Parsnips and their relatives like carrots are loved and cherished food plants around the world for good reason: they’re relatively easy to take care of, they can be stored for long periods of time—even over winter, and most importantly, they’re delicious.
One thing no one talks about about though is that the leaves are also edible. For a long time I thought carrot leaves were basically food for rabbits and nobody else. The leaves are a little tough fresh but after reading Georgia Friedmans book Cooking South of the Clouds I couldn’t help but try her recipe for Szechuan carrot leaf salad.
Blanching: the key to cooking carrot, fennel, and parsnip greens/leaves
After a brief blanching and chopping the leaves get tender and the strong herbaceous flavor gets mild and pleasant, especially after being doused with a touch of aggressive dressing made from soy sauce a touch of vinegar or lime juice garlic hot sauce and Szechuan peppercorns (of course I had to use some my local Xanthoxylum / prickly ash berries / wild Szechuan peppercorn stash). After that I never thought of carrot leaves in the same way. When parsnips season came around the next year I had to try the same preparation with parsnip leaves, and wouldn’t you know it, it’s just as good, if not better than the carrot version.
The rash: be mindful handling raw parsnip greens
The only real difference that is worth mentioning, and that definitely needs to be mentioned, is that you need to be mindful of handling wild or garden parsnip greens fresh. Parsnips and many of their relatives like cow parsnip and other plants in the genus Heracleum (e.g. giant hogweed) have compounds in the juices of their leafy green plant parts that can cause photo dermatitis, the famous “wild parsnip rash” when the sap of the green leafy parts hits sweaty skin and is exposed to the sun. To be clear, both wild and garden parsnip greens can have this effect.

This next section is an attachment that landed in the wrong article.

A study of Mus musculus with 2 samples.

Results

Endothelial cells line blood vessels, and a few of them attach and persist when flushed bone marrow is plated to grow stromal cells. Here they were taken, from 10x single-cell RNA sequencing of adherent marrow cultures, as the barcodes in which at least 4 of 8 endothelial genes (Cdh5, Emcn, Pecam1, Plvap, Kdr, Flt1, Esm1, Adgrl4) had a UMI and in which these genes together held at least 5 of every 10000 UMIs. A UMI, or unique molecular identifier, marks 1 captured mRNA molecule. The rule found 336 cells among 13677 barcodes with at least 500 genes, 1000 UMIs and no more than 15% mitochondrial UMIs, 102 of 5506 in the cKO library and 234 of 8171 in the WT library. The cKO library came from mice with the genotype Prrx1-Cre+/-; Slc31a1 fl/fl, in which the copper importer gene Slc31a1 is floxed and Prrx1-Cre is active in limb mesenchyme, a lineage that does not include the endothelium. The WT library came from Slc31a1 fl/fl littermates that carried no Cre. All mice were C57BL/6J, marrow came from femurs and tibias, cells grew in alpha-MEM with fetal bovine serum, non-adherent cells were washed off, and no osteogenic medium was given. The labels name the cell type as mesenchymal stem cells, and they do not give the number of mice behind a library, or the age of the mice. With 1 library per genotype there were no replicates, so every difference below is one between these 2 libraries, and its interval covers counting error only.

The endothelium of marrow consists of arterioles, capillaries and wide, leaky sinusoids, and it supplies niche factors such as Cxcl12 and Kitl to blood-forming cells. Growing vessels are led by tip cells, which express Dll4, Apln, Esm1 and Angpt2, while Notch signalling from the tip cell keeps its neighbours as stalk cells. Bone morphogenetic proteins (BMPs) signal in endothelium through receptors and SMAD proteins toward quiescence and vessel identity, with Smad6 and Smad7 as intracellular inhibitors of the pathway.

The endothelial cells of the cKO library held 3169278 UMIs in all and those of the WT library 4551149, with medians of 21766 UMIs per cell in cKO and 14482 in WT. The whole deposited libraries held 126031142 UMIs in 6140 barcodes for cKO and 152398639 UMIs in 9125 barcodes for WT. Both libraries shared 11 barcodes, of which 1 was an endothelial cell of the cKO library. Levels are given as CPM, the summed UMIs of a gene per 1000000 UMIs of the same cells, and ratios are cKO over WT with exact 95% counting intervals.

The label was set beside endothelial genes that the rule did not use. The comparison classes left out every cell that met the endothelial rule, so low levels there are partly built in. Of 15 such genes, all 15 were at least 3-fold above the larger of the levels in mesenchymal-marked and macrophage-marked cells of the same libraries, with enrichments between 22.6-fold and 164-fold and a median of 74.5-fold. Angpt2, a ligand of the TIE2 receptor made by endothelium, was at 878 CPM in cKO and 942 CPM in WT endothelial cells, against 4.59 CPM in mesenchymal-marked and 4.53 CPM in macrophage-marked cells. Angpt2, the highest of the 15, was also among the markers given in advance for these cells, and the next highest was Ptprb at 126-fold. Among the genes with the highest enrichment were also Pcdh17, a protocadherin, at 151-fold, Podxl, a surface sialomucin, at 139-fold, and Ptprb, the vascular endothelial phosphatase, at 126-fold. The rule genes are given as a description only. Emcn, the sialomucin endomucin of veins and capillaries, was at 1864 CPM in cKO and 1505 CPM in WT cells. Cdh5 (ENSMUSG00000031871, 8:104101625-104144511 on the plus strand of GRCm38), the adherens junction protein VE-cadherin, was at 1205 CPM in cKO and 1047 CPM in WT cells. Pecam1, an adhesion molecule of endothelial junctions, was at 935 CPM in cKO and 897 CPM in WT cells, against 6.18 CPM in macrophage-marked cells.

Now, I’ve had the parsnip rash a number of different times, the worst case being a full face palm on my face before I shot a video, and I can tell you, it’s unsightly, although mine were never painful. Even so, to this day I still don’t feel the need to use gloves while handling the plant, but I am very mindful not to touch my face or other parts of exposed skin while I’m harvesting or working with any leafy green parts.
If it’s your first time working with the greens, you may want to wear gloves as a precaution, outside as well as in the kitchen, until after the plant is cooked. Don’t let that scare you though, these are a great, widely available leafy green to cook, and I wouldn’t be sharing them if I didn’t think it was totally approachable to the average person, as well as good to eat.
The flavor of the parsnip leaves themselves is worth mentioning a bit too. Carrot leaves have a slightly grassy, carroty taste to them. Parsnips have a more pronounced, herbal flavor, but, unlike their cousins in the Heracleum genus, the flavor is much more subtle, and after dressing, you might be tempted to say they’re parsley, or something similar. By comparison, cooked cow parsnip leaves prepared the same way might be a little strong tasting for some people. After mixing with a bit of the dressing though and especially a drizzle of delicious roasted sesame oil, the flavor melts into the background and it’s barely noticeable.
If you haven’t tried them, and you have some parsnips leaves available, do you self a favor and give it a try, and if you don’t have the ingredients to make a variation of the Szechuan dressing outline below give it a shot with just lemon juice and some good olive oil and salt– I can pretty much guarantee you’ll think twice about throwing them in the compost next time you harvest wild or garden nips.
Szechuan Wild Parsnip Leaf Salad
- 1 lb parsnip greens carrot or fennel greens can be substituted
- 1 small carrot grated, to garnish
- Toasted sesame seeds to garnish, optional
- ¼ cup soy sauce
- 2 Tablespoons fresh lime juice
- ¼ teaspoon grated garlic
- ¼ teaspoon grated ginger
- 2 teaspoons sriracha or your favorite hot chili sauce
- ½ Tablespoon fish sauce
- Toasted sesame oil to taste
- 1 teaspoon ground dried Szechuan peppercorns
- Mix the ingredients for the dressing except the sesame oil.
- Blanch the parsnip leaves in lightly salted water until just tender, about 1.5 minutes, then drain and refresh in cold water. Squeeze the cooled parsnip leaves dry, then lay them out, and cut into roughly ½ inch pieces.
- Toss in a bowl with the grated carrot just as a garnish—you don’t need a lot.
- Toss the greens with the dressing to taste (you probably won't need it all) then the oil, double check the seasoning and adjust as needed, then serve.